Breast Reconstruction OK Before Radiation

Breast Reconstruction at Same Time as Mastectomy Safe, Say Researchers


While many women prefer to have breast reconstruction at the same time as mastectomy, some doctors recommend against it because they fear it might interfere with further treatment. Radiation therapy, which can take several months, is often given after mastectomy to get rid of any remaining cancer cells.

After breast removal surgery, "a lot of institutions want to do radiation therapy first, and some may recommend against breast reconstruction altogether," says Penny R. Anderson, MD, a radiation oncologist at Fox Chase Cancer Center in Philadelphia.

The reason, she says, is some doctors fear that complications from surgery -- such as scarring of the new breast or infection -- may delay completion of radiation therapy.

But Anderson's new study, reported here Wednesday at the annual meeting of the American Society for Therapeutic Radiology and Oncology, suggests such worries may be unfounded.

She says that her team at Fox Chase was not seeing undue complications when breast reconstruction was done prior to radiation therapy.

"Women Feel Better"

Breast reconstruction surgery involves creating a breast -- using either the patient's own body tissue or the placement of a breast implant -- that comes as close as possible to the appearance of a natural breast.

Having the breast replaced as soon as possible after mastectomy has a host of advantages, both psychological and cosmetic, she says. "Women feel better about themselves."

Thanks to newer surgical techniques, the results are better than ever, Anderson says. "You can look at a naked woman [who had the surgery] and never even realize her breasts aren't real."

The new study involved 85 breast cancer patients who underwent mastectomy, breast reconstruction, and postoperative radiation therapy. Some of the women had the breast reconstruction procedure known as a TRAM flap, which involves taking an area of fat, skin, and muscle from the abdomen and swinging it up and under the skin of the chest wall to create a breast shape. Other women opted for breast implants as a form of breast reconstruction.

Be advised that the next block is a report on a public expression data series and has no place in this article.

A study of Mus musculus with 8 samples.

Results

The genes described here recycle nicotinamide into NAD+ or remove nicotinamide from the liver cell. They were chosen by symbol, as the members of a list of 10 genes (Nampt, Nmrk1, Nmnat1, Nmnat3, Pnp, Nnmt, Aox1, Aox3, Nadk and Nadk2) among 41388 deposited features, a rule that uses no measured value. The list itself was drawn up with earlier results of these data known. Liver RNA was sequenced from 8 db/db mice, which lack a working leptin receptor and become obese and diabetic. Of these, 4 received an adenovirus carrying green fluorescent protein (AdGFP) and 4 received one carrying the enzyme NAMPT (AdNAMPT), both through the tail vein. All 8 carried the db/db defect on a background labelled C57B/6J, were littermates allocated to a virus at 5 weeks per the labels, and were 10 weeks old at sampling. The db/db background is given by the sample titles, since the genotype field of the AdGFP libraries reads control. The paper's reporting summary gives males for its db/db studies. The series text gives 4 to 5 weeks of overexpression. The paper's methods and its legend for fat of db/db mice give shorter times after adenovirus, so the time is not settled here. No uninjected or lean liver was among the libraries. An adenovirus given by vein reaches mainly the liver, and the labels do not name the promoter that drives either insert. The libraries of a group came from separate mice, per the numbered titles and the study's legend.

Overall, 70 women had radiation therapy after breast reconstruction -- receiving radiation therapy an average of seven months after the breast reconstruction surgery. The other 15 women received the radiation treatment before their breast reconstruction.

The timing of radiation therapy -- before or after breast reconstruction -- had no significant impact on the complication rates or cosmetic results, the study showed.

By five years later, none of the women who had the TRAM procedure had major complications or required corrective surgery. Also, only 5% of the women who had implants had major complications.

"We had to remove the implants in two of the women for reasons such as infection, but they could undergo the procedure again if they wanted," Anderson says.

Minor complications, such as infection or scarring, occurred in 39% of TRAM patients and 14% of those who had implants, she says.

"But all of these TRAM patients had excellent cosmetic outcomes," Anderson says. "They might have been able to feel a tiny lump of scar tissue on palpitation, but it wasn't visible to the naked eye."

Waiting May Still Be Better

But some experts still aren't convinced that immediate breast reconstruction is a good idea.

Thomas Buchholz, MD, a radiation oncologist at the University of Texas M.D. Anderson Cancer Center in Houston, who was the discussant for the presentation, said that while the study is an important one, he still thinks women are better off delaying breast reconstruction until after radiation therapy is completed.

"The issues are twofold," he tells WebMD. "Does reconstruction negatively affect the delivery of radiation, and which option gives the best cosmetic outcome?

"At M.D. Anderson, we find it advantageous to delay breast reconstruction as it allows us to deliver the radiation therapy as safely as possible," he says. The presence of a new breast or implant makes it harder to hit the target, so radiation might inadvertently damage healthy lung tissue.

Also, studies at M.D. Anderson have suggested that delayed breast reconstruction is associated with better cosmetic results, Buchholz says. "Radiation can cause the implant or rebuilt tissue to scar down. It looks like a rock, becomes contracted and distorted."


Noting that this scarring often doesn't occur until many years after treatment, he says, "Maybe the Fox Chase study had a lower rate of complications because they didn't follow the women long enough."